Tax-Efficient Charitable Giving

Tax-Efficient Charitable Giving

by A. Scott White, CFP®, ChFC®, CLU®
President, Scott White Advisors

The Tax Cuts and Jobs Act of 2017 transformed the U.S. tax code, doubling the standard deduction—the limit taxpayers must reach in order to itemize deductions on their tax return. For 2019, the standard deduction is $24,400 for married couples filing jointly and $12,200 for singles. If you are age 65 or older, you may increase your standard deduction by $1,650 if you file single or head of household. If you are married filing jointly and you or your spouse is 65 or older, you may increase your standard deduction by $1,300.

Before the tax laws changed, there was no limit on how much taxpayers could deduct for state and local taxes (SALT). Beginning in tax year 2018, the deduction was capped at $10,000 for all state and local income, property, and sales taxes combined. In addition, investment management fees are no longer deductible. Since the laws changed, many taxpayers don’t have enough itemized deductions to exceed the standard deduction.

To exceed the standard deduction, one tax-efficient strategy is ‘bunching’—where multiple years of deductions are grouped into a single year. As we approach the end of 2019, many taxpayers may be planning year-end charitable gifts. Bunching is a way to increase your charitable giving in this tax year to help you exceed the standard deduction.

You can ‘bunch’ a few years of charitable contributions by utilizing a charitable donor-advised fund. By donating more than one year of charitable contributions to a donor-advised fund, you can deduct the full amount of the donation this year—resulting in a larger charitable deduction for this year. By using a donor-advised fund to bunch multiple years’ worth of donations in a single year, you can receive maximum tax benefits for your charitable contributions.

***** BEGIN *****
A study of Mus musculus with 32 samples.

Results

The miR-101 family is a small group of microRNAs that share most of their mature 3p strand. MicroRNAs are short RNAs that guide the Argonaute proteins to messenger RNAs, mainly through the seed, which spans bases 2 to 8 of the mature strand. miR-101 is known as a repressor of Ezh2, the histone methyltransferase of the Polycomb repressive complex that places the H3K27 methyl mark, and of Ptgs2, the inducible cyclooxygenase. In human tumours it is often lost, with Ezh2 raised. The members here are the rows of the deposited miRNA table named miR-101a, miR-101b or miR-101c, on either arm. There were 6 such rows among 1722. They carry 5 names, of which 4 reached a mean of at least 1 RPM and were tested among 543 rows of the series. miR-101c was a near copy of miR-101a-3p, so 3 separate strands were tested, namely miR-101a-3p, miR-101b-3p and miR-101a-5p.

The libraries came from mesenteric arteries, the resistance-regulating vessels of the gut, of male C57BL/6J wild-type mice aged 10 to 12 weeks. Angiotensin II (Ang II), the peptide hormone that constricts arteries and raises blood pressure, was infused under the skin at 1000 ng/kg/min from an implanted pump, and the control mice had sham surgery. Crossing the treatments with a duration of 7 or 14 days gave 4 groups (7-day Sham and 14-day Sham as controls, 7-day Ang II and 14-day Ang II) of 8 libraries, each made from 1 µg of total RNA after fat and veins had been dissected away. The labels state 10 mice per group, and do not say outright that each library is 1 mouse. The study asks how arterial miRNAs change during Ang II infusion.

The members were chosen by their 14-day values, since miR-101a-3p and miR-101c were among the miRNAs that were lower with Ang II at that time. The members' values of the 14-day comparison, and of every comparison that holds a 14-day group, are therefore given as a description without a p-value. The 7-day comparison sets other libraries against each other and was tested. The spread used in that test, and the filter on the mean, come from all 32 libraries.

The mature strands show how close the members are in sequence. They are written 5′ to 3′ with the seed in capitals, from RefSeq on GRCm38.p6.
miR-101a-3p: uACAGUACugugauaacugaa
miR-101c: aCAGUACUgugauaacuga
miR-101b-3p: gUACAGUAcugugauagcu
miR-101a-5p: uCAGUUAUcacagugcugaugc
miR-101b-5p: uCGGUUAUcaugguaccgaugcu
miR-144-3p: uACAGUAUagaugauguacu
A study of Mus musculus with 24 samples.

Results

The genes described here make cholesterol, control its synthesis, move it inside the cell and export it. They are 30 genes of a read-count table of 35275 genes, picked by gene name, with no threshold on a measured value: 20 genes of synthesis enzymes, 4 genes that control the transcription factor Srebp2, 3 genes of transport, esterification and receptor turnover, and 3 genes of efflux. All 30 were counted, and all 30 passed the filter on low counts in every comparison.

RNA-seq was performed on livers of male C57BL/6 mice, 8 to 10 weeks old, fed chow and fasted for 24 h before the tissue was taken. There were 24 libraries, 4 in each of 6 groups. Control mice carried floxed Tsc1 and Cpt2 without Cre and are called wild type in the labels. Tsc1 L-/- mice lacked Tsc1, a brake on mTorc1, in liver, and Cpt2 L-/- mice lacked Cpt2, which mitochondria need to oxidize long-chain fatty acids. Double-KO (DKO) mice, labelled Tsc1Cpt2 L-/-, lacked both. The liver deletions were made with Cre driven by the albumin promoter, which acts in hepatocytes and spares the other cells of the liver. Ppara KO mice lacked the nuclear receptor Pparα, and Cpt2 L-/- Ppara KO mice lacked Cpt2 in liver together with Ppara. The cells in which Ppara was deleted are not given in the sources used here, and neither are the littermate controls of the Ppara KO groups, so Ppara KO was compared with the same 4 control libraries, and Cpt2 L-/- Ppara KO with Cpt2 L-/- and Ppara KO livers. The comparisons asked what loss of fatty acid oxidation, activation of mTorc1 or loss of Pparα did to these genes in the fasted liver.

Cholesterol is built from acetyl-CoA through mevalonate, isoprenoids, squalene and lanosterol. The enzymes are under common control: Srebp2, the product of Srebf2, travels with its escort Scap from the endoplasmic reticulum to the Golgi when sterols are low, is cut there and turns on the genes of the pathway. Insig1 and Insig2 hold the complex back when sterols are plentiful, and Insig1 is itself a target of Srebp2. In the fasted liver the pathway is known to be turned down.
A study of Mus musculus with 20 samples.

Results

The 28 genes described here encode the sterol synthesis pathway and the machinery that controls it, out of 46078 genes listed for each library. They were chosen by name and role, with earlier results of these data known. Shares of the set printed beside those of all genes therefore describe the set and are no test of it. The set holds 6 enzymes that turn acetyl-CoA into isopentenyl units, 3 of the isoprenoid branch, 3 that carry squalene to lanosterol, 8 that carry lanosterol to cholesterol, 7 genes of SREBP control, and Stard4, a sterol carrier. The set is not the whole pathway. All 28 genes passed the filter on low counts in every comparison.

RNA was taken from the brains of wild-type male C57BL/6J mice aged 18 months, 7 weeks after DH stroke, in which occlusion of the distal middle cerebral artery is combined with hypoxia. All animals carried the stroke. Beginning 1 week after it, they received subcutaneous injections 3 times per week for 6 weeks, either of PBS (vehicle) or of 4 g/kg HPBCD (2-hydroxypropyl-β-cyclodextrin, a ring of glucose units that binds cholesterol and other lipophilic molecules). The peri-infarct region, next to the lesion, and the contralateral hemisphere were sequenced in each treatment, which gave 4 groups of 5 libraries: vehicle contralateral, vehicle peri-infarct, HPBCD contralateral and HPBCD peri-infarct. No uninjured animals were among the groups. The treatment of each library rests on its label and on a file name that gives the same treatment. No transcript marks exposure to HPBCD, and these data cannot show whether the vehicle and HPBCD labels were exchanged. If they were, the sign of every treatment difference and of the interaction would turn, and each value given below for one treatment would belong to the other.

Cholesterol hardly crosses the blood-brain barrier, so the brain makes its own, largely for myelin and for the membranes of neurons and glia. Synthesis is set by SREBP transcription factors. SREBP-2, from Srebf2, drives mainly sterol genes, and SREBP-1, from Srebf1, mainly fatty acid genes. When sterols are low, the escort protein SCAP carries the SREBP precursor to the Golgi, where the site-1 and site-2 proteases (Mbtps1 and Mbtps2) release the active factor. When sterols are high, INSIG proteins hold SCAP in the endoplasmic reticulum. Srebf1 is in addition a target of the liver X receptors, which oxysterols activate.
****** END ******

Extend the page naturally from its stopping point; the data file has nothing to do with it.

Gifts to donor-advised funds are tax deductible, so you can combine two, three, or more years of charitable contributions in one calendar year in order to exceed the standard deduction in that year. You can then use the assets in the donor-advised fund to consistently support your favorite charities, even in years when you take the standard deduction. You can instruct the donor-advised fund to distribute donations to your favorite charities until the fund is depleted—or you choose to make another ‘bunching’ deposit to the fund.

When you contribute gifts to a charity through a donor-advised fund, you become eligible to take an immediate tax deduction and then make grant recommendations to qualified charitable organizations in a time-frame that works for you—whether that’s all in one year, or over several years. Also, the funds in your donor-advised fund have the potential to grow tax-free.

Frequently my clients have previously supported or identified charities that they want to support, so I suggest they establish a donor-advised fund at Raymond James Charitable, a pubic charity established in 2000. But when clients are interested in researching charities and getting input on which charities in our area provide services that align with their passion, I recommend they establish a donor-advised fund at the Southwest Florida Community Foundation, founded in 1976 to address the evolving community needs in Lee, Collier, Charlotte, Hendry and Glades counties.

Your financial adviser can work with you to determine how bunching can help you support causes you care about—and make tax-efficient philanthropic decisions.

While we are familiar with the tax provisions of the issues presented herein, as Financial Advisors of RJFS, we are not qualified to render advice on tax or legal matters. You should discuss tax or legal matters with the appropriate professional. The foregoing information has been obtained from sources considered to be reliable, but we do not guarantee that it is accurate or complete, it is not a statement of all available data necessary for making an investment decision, and it does not constitute a recommendation. Any opinions are those of Scott White and not necessarily those of Raymond James. Donors are urged to consult their attorneys, accountants, or tax advisors with respect to questions relating to the deductibility of various types of contributions to a Donor-Advised Fund for federal and state tax purposes. To learn more about the potential risks and benefits of Donor Advised Funds, please contact us.

Raymond James Trust N.A. currently serves as the service provider for Raymond James Charitable, a public charity. Raymond James Trust is affiliated with Raymond James & Associates, Inc., and Raymond James Financial Services, Inc. Raymond James is not affiliated with Southwest Community Foundation.